Dio Suhenda, Jakarta – A recent uptick in the country's daily COVID-19 caseload and the discovery of more people infected with the new Arcturus strain are no cause for concern just yet, the Health Ministry has said, but it also urged the public to take health precautions ahead of the Idul Fitri holiday.
Speaking to reporters on Monday, ministerial spokesman Mohammad Syahril said authorities had found five new cases linked to Arcturus (XBB.1.16), a subvariant of Omicron. This brought the nationwide tally to seven following the two cases that were announced last week, but were detected in late March.
Syahril said one of the first two Arcturus cases had traveled to India, while the other was infected in Indonesia. Both cases were detected in Jakarta and had since tested negative.
Meanwhile, of the five new cases announced on Monday, three are Jakarta residents and the other two are from Surabaya, East Java. "They are all showing only mild symptoms," Syahril added.
The five new Arcturus cases come amid a slight uptick in the daily caseload.
Indonesia has been reporting more than 900 new cases a day since April 11 and surpassed 1,000 cases on Friday. The last time the country reported more than 1,000 cases was on Dec. 22, some four months ago.
"The good news is that although there has been a rise in cases, we can see that the figure for [daily COVID-19] deaths is still far below the World Health Organization's standards [for concern], which is one death per 100,000 people," Syahril said.
He also noted that the bed occupancy rate in the country's hospitals was still far below the WHO's standards of five hospitalizations for every 100,000 people.
"This means that although there has been a slight increase, our [COVID-19] parameters are still under control," he said.
While noting that over two dozen countries including India and neighboring Singapore, Brunei and Malaysia were experiencing spikes in cases following a number of Arcturus infections, Syahril said the ministry was confident Indonesia would not see a dramatic increase in cases following the collective Idul Fitri holiday starting this weekend, unlike in previous years.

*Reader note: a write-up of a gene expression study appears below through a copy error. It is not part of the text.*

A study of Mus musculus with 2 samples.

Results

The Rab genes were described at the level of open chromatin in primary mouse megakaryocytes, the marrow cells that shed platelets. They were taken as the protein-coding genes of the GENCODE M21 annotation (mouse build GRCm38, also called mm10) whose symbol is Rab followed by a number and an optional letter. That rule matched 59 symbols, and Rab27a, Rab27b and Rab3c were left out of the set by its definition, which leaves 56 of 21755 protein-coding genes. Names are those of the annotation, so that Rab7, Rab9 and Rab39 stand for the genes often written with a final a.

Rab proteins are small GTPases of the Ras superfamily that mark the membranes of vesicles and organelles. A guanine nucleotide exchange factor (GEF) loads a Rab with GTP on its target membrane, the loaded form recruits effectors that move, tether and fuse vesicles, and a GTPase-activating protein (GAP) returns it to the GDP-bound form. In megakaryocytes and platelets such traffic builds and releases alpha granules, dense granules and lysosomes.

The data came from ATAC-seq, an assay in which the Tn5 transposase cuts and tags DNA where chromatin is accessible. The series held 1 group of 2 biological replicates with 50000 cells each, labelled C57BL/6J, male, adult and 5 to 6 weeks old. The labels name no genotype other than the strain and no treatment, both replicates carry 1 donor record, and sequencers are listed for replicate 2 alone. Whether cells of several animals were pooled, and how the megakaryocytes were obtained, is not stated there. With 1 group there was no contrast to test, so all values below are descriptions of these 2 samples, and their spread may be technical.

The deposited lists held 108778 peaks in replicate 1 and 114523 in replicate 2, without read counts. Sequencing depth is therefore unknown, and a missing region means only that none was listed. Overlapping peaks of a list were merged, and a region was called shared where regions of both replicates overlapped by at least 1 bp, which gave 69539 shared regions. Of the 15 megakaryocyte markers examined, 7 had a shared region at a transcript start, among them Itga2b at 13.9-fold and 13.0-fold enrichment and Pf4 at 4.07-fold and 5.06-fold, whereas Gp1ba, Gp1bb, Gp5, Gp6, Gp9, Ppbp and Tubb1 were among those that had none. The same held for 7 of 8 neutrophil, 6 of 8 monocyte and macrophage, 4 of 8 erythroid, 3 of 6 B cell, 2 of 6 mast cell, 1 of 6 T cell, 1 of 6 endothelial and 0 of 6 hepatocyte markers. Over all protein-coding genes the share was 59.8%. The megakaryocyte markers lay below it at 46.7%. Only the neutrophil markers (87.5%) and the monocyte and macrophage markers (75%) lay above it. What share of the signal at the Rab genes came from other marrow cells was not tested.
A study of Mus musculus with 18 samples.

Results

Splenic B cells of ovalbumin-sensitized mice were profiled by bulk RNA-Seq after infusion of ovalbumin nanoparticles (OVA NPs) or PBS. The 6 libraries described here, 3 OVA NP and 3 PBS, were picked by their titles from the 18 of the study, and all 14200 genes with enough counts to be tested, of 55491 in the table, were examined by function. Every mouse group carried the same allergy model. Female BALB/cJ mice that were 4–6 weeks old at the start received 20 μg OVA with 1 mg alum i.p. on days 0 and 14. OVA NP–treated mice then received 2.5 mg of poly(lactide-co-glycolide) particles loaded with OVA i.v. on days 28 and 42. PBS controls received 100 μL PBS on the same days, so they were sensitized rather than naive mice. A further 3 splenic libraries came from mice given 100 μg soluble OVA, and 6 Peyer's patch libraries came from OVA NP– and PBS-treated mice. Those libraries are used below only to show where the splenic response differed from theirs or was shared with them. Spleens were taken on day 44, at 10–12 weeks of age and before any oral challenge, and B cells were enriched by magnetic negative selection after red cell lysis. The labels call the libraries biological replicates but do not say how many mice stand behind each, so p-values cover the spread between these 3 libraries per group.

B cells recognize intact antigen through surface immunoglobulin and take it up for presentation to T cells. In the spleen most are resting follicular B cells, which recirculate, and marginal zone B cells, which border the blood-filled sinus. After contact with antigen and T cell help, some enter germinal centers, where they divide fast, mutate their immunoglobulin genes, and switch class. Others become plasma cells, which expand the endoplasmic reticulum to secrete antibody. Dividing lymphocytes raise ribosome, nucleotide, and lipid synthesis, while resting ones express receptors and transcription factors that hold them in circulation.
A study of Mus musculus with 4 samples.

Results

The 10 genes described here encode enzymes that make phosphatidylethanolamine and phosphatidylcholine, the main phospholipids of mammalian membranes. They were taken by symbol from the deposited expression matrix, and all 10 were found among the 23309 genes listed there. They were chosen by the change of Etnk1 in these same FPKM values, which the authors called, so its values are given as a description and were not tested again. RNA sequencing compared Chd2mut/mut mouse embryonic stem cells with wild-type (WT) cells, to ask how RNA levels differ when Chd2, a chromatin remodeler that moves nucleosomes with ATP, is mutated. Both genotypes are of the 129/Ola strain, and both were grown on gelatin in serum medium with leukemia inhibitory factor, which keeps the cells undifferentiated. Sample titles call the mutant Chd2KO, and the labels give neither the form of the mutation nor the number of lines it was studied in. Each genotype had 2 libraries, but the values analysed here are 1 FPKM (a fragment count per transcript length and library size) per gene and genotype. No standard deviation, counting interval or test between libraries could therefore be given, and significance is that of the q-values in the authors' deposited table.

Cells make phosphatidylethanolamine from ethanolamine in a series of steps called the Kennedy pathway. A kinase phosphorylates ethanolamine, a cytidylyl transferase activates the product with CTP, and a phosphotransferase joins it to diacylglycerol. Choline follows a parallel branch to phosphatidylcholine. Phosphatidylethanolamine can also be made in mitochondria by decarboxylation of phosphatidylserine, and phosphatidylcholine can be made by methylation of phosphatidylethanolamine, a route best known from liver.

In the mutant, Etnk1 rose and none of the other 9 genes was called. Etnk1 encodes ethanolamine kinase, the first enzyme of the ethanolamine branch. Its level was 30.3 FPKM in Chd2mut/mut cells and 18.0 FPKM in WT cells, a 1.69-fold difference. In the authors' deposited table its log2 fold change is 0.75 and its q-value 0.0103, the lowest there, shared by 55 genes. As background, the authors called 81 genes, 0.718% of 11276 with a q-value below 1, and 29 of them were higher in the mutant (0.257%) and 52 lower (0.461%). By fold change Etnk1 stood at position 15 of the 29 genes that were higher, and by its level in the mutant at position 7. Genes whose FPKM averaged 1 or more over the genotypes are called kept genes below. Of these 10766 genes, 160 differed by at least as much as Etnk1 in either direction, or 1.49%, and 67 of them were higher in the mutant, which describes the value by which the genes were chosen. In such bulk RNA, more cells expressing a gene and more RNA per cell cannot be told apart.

"Based on our projections, 2023 will be different from previous [years], since we have mad a lot of effort" in COVID-19 handling and mitigation, he said. "So even if there is an increase in cases, we hope that other parameters, such as the fatality and bed occupancy rates, will remain under control."
Syahril said that to this end, the ministry had received more than 24,000 doses of new COVID-19 medications and would set up vaccination points at busy transportation hubs, including airports and bus terminals, for the duration of the extended Idul Fitri holiday.
Even as the government downplayed the threat of the Arcturus subvariant, Syahril still urged those looking to travel for mudik (exodus) to take health precautions, including wearing masks during their trips and getting tested for the virus if they showed symptoms.
He also said that mudik travelers as well as their family members in their hometowns should all have completed their primary vaccinations and gotten booster doses.
"As long as the pandemic has not been officially declared as ended, getting vaccinated is still an important factor to provide immunity [against COVID-19]," he underlined.
No health restrictions have been imposed for Idul Fitri this year, while the government expects some 123 million Indonesians to make their journeys back to their hometowns.
The Transportation Ministry reported on Sunday that over 586,000 mudik travelers had departed Greater Jakarta on Saturday using public transportation, while other travelers had used 147,000 private cars.